Lulu Miller introduces us to a scientist who is trying to figure out if clothes can change us in concrete, measurable ways. In a Northwestern University study by Adam Galinsky and Hajo Adam, the mere act of wearing a doctor's coat made participants perform better on an attention task than participants who wore the same exact coat... but believed it was a painter's coat.
We partnered with Elle magazine to make a video about this experiment. Check it out!
Ever wanted to feel smarter? Maybe a simple answer could be switching out your favorite jacket to a lab coat. Teaming with Elle.com for a short video, the NPR podcast Invisibilia conducted a color test to see if changing your outfit improves mental performance.
Experts and Links
Adam Galinsky is currently the chair of the Management Division and the Vikram S. Pandit Professor of Business at the Columbia Business School.
Hajo Adam is an Assistant Professor of Management at Rice University's Jones Graduate School of Business. He studies the effects of cultural artifacts, such as clothing, on task performance.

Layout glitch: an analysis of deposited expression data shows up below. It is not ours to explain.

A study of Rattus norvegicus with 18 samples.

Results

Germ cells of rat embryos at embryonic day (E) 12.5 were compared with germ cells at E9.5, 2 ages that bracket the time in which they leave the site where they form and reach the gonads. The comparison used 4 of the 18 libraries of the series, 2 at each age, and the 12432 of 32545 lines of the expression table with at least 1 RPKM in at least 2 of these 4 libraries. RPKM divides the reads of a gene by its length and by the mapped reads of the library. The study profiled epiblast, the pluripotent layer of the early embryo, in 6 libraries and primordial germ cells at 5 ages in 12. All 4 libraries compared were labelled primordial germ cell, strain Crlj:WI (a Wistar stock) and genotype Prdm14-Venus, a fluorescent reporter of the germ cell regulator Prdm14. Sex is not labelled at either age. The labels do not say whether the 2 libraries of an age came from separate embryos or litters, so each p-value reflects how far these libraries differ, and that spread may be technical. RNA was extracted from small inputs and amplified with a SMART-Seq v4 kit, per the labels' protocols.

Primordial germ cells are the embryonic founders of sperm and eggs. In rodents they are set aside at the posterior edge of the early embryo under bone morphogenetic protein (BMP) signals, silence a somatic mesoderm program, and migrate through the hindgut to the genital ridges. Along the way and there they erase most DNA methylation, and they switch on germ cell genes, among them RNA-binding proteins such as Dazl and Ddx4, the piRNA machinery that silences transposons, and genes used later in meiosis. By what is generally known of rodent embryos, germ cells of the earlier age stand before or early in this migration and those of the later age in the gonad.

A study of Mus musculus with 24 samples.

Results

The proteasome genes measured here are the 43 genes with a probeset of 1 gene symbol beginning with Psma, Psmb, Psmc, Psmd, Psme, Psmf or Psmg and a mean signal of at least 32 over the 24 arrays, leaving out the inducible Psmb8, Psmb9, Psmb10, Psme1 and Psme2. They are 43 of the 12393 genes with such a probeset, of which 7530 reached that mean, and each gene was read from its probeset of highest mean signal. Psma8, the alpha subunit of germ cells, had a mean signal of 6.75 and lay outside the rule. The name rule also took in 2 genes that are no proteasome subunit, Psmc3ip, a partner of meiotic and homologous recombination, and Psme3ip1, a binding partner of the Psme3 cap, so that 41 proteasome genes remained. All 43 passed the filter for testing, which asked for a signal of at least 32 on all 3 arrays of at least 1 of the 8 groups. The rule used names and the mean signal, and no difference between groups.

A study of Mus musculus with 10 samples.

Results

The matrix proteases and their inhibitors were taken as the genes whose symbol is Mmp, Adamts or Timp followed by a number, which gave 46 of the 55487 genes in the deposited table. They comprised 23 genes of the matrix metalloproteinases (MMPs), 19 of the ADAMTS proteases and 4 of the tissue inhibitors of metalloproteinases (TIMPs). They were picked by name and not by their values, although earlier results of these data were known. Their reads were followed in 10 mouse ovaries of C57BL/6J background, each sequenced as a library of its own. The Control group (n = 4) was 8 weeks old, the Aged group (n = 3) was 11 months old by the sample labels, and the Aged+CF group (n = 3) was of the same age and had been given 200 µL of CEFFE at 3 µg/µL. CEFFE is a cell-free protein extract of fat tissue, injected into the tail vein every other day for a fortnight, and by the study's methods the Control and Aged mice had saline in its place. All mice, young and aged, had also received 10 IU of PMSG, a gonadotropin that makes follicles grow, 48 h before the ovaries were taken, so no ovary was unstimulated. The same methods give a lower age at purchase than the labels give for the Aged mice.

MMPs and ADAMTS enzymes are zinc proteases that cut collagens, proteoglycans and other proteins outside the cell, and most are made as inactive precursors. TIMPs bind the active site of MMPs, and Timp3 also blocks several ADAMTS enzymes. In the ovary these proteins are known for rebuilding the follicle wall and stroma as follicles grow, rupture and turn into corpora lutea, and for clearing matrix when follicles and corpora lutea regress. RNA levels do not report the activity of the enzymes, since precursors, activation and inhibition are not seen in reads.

Interesting aside: after his and Galinsky's study on white coats was published, he was contacted by a woman who wanted to testify against her town's decision to have police officers wear military uniforms because she worried it might make them act more aggressively and violently. Though he hasn't studied this, he told us that because military fatigues have such a clear and strong symbolic association, it could indeed affect behavior, and make officers more likely to act as though they are "at war," he continued, "I think if we can get data on this, this would be an interesting thing to study."